Ok, so when I was a kid, I remember going to the same doctor all through my childhood, he knew me from the day I was born until pretty much my late teens. I would go in, he would say hi, ask me how my mom was doing or how I was doing when my mom was with me, he would ask how things were going, and so on. It was a good 30 minutes or more, and even though I would go in for say flu symptoms, he would still ask if there was anything else I wanted to talk about, it was nice. Nowadays, you have an appointment, where you end up waiting 15-30 minutes just to be taken to a room and then wait another 30-60 minutes for the doctor to see you. Now, there are times that instead of the doctor a nurse or possible new doctor comes in and does the initial evaluation; then he leaves, and another 30 minutes go by until your doctor comes in. When the doctor, you are supposed to see, finally comes in though, he is in and out within 15 minutes, if I am lucky. I think the last few times it was a good 5 minutes. Of course, then you have to wait say another 30 or more minutes to get your paperwork and any prescriptions – you end up two hours later at your scheduled appointment. Things have changed a lot when it comes to seeing a doctor, and the cost has really gotten out of hand. Now, I have really good insurance, and I know this because the nurses and doctors always tell me or my wife that we have great insurance, but I still have to pay 15% of costs until I reach my deductible, which I never do. So, a doctor’s office visit, that lasts 5 minutes with a doctor cost me nearly $300. Here is my pet peeve.
My son a few months ago, maybe longer, had some kind of eye infection. So of course, before he could go to a specialist, he had to see his regular doctor. Visit one: Now, the first time the doctor told him he had something, I cannot remember the medical term, but he prescribed him some medication and sent him on his way ($287 + $150 medication) this was about a 15-minute visit. Well, it did clear up, but after his medication was gone, whatever he had come back. Visit two: So of course, we had to see his doctor again and this time he did refer him to an eye specialist and sent him on his way. I remember this visit, we waited just over an hour to see him and when he walked in and saw my son, he immediately referred him to a specialist, this visit lasted about 2 minutes, I am not joking ($287). We had to wait a month at least to see the specialist, and once again we waited about 1 hour and 20 minutes – I remember the times. Visit three: Now the doctor did check him out and ran some tests; I would say he spent with my son at least 30 minutes. He told him what he thought he had, and prescribed a few medications, I believe it was three medications, and sent him on his way. ($467 + $330 for the medication) – remember this is the portion I need to pay. The doctors chahrge a lot more to the insurance companies.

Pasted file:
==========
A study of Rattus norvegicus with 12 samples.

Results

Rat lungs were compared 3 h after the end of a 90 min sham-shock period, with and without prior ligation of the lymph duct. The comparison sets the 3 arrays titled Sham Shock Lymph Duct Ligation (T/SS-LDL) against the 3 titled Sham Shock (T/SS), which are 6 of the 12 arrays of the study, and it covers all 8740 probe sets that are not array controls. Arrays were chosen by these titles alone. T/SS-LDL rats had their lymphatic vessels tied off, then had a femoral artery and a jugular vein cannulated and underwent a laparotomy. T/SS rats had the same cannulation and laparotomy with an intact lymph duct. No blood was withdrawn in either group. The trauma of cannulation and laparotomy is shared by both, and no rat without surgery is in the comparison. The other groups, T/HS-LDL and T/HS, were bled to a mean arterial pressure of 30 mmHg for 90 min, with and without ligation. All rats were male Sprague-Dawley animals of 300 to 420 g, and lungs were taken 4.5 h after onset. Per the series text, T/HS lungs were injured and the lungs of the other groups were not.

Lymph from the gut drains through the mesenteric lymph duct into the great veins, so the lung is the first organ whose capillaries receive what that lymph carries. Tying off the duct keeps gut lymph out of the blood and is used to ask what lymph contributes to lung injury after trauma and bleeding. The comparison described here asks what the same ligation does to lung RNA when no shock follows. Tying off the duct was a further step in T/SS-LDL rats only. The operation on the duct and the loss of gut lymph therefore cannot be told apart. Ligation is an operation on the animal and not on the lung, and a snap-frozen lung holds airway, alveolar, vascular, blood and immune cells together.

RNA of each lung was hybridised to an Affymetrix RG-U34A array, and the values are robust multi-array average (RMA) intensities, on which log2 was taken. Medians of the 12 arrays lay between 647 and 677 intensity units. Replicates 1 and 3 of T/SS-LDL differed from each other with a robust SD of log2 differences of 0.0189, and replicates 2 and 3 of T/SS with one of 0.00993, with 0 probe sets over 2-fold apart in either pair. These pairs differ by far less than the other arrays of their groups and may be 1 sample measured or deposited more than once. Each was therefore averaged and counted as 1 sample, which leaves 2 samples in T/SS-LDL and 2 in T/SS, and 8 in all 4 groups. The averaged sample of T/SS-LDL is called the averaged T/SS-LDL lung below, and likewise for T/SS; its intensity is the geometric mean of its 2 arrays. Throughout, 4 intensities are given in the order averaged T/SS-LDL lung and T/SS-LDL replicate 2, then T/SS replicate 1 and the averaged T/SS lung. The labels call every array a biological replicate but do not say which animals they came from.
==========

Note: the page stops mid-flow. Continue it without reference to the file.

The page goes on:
This time the medication did not really work and we had to schedule another appointment because it wasn’t clearing up. It took at least three weeks because this time it was a combination of my son’s college mid-terms and the doctor’s availability. Visit four: we waited over two hours, and when the doctor finally came in, he took a look at him and said that since the medication did not work, it has to be something else, so he prescribed a stronger medication, I believe it was steroids, plus two other things, one was an oral pill, and the other was a cream for the evening. This time the doctor spent about 10 minutes and sent him on his way ($467 + $685 for medication). Well, the steroid did its job, and he was looking better, but he could not take it for a long period of time, because I believe it had to do something with the eye pressure and the possibility of going blind, so he took that medication as recommended. The thing is that after about maybe two weeks, whatever he had come back.
My wife got upset and told me that US doctors charge too much, and they are doing nothing, so she decided to take him to a specialist in Mexico. This took about a month to schedule the appointment. Visit five: the doctor spent about an hour with him, they ran some tests and prescribed him an antibiotic, plus some eye drops. The doctor did ask that he wanted to see him in 2 to 3 weeks, to determine if the medication worked, and then sent him on his way ($50 + $100 for the medication). It seemed to work this time, he followed through the regiment and was clear for about two weeks. The thing is my wife decided to cancel the follow-up appointment, why I don’t know, but she did. A few days after she canceled the appointment my son texted us to let us know whatever he had come back and it was worse. So, right now it looks like my wife scheduled an appointment with the specialist in Mexico again, so I will keep you posted on his sixth visit. Here is my thought about the healthcare system in the US and why it is driving people to go outside the US for treatments.
I feel like we are no longer patients, but simply a number to these doctors. I feel that they really don’t care, and just charge an arm and leg for a 5-minute visit. I’m no doctor, but I don’t think that 5 minutes is not enough time to evaluate someone, and then simply just prescribing medication until you hit the right combination is the way to do it – that seems to be a road for disaster. Right now, my biggest concern is my son and his eye, because I don’t want him to lose his sight. So, I am hoping that we can find the right help on time – I will keep you posted on the outcome.
As always, I appreciate you stopping by to read my blog, and I leave you with this thought, “Don’t be afraid to speak up with your doctor, ask the necessary questions, and if they don’t listen, look elsewhere. Your health and your family’s health are more important. We shouldn’t be treated as a number.”